What is depression?
Depression is a real illness that impacts the brain. Anyone suffering from depression will tell you, it’s not imaginary or “all in your head.” Depression is more than just feeling “down.” It is a serious illness caused by changes in brain chemistry. Research tells us that other factors contribute to the onset of depression, including genetics, changes in hormone levels, certain medical conditions, stress, grief or difficult life circumstances. Any of these factors alone or in combination can precipitate changes in brain chemistry that lead to depression’s many symptoms.
Depression is a serious condition. It’s also, unfortunately, a common one. The World Health Organization characterizes depression as one of the most disabling disorders in the world, affecting roughly one in five women and one in ten men at some point in their lifetime. It is estimated that 21% of women and 12% of men in the U.S will experience an episode of depression at some point in their lifetime.
Depression does not discriminate. Men and women of every age, educational level, and social and economic background suffer from depression. There is no area of life that does not suffer when depression is present. Marriage, parenting, friendships, careers, finances – every aspect of daily living is compromised by this disease. Once an episode of depression occurs, it is also quite likely that it will recur. And the impact of depression can be even more severe when it occurs in combination with other medical illnesses such as diabetes, stroke, or cardiovascular disease, or with related disorders such as anxiety or substance abuse.
The problems caused by depression are made worse by the fact that most people suffering from the disease are never diagnosed, let alone treated. The good news is that when depression is promptly identified and treated, its symptoms are manageable and there are many effective strategies for living with the disease. Depression and bipolar disorder are both treated most effectively in their earliest stages when symptoms are less severe.
What causes depression?
Although scientists agree that depression is a brain disorder, the debate continues about exact causes. Many factors may contribute to the onset of depression, including genetic characteristics, changes in hormone levels, certain medical illnesses, stress, grief, or substance abuse. Any of these factors alone or in combination can bring about the specific changes in brain chemistry that lead to the many symptoms of depression, bipolar disorder and related conditions.
Depression commonly affects your thoughts, your emotions, your behaviors and your overall physical health. Here are some of the most common symptoms that point to the presence of depression:
- Angry outbursts
- Loss of interest in friends, family and favorite activities, including sex
- Trouble concentrating
- Trouble making decisions
- Trouble remembering
- Thoughts of harming yourself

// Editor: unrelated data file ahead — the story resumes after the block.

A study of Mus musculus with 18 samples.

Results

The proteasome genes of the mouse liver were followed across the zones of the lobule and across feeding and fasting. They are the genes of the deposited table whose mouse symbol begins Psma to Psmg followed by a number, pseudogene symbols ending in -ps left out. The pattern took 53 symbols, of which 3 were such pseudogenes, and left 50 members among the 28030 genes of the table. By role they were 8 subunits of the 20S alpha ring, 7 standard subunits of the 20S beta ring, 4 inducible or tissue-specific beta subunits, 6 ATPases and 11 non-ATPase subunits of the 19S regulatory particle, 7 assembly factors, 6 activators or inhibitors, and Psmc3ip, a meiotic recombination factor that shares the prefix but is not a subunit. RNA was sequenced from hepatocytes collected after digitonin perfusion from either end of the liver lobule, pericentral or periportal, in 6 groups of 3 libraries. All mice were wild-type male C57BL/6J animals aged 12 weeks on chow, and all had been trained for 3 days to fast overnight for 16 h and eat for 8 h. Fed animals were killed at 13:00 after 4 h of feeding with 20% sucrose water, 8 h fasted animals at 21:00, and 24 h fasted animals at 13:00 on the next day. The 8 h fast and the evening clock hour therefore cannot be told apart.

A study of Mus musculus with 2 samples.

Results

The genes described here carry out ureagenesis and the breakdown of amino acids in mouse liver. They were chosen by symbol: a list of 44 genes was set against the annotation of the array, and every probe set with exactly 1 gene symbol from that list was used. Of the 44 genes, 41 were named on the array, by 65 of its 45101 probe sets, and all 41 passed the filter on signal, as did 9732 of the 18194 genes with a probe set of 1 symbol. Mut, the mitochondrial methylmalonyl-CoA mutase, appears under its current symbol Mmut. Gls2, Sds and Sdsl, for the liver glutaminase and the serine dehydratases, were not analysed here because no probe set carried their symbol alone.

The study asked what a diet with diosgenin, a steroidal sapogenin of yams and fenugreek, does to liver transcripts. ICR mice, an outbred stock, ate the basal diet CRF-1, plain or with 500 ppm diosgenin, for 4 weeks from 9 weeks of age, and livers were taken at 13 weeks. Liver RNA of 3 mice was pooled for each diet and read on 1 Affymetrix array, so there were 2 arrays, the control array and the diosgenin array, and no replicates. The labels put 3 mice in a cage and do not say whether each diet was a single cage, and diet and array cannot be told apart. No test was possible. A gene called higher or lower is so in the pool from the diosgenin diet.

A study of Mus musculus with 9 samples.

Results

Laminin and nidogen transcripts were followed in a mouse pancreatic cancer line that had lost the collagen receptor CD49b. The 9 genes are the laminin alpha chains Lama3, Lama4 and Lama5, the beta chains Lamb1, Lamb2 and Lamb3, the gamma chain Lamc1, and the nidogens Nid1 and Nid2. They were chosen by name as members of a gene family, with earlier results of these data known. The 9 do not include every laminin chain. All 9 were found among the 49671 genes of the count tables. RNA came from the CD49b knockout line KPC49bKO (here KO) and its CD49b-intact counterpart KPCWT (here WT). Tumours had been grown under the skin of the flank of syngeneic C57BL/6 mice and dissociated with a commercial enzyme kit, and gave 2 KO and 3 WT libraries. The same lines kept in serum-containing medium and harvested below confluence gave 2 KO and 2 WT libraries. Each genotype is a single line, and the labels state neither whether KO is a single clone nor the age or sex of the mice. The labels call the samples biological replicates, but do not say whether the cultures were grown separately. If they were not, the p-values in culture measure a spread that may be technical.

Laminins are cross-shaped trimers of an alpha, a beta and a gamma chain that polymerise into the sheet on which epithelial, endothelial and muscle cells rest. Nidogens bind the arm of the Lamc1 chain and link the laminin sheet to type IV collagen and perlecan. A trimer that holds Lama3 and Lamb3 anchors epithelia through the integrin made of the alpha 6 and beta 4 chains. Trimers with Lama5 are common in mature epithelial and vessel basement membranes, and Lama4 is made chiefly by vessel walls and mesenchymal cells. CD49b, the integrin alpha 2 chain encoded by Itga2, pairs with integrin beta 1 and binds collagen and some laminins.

- Delusions and/or hallucinations can also occur in cases of severe depression
- Withdrawing from people
- Substance abuse
- Missing work, school or other commitments
- Attempts to harm yourself
- Tiredness or lack of energy
- Unexplained aches and pains
- Changes in appetite
- Weight loss
- Weight gain
- Changes in sleep – sleeping too little or too much (Note: if you are concerned about your sleep, Click here to take a simple quiz that can help you determine whether your current sleep patterns may be causing you problems.)
- Sexual problems
Of course, all of us can expect to experience one or more of these symptoms on occasion. An occurrence of any one of these symptoms on its own does not constitute depression. When healthcare professionals suspect depression, they commonly look for clusters of these symptoms occurring regularly for two weeks or longer, and impacting functional aspects of the person’s life.
Could you be suffering from depression?
Together with a healthcare provider, you can find out whether what you are experiencing is depression or bipolar disorder, and chart a course to feeling and functioning better. This website provides tips and tools for starting that conversation with your primary care physician or nurse practitioner, or with a community health professional. See Talking with your healthcare provider.
Prior to engaging your doctor or healthcare provider, you may find it helpful to know more about how depression and bipolar disorder are diagnosed. Experts commonly employ a series of questions called a screening tool to identify depression. To walk yourself through the same questions, click on Are you depressed?. Once you have completed the questionnaire, you can share your answers with a professional to determine the best course of action.
How is depression treated?
There are several strategies for treating depression. Depending upon each individual’s characteristics and symptoms, healthcare professionals may employ one or more types of psychotherapy that rely upon a sequence of interpersonal treatment sessions with a trained professional. In addition, clinicians may suggest that a patient try one of a number of different medications. Lifestyle changes, including improvements in sleeping and eating habits, physical activity and stress reduction have also proven very helpful in managing symptoms. To learn more about the many options available for treating depression, click on Know your treatment options and Take care of yourself.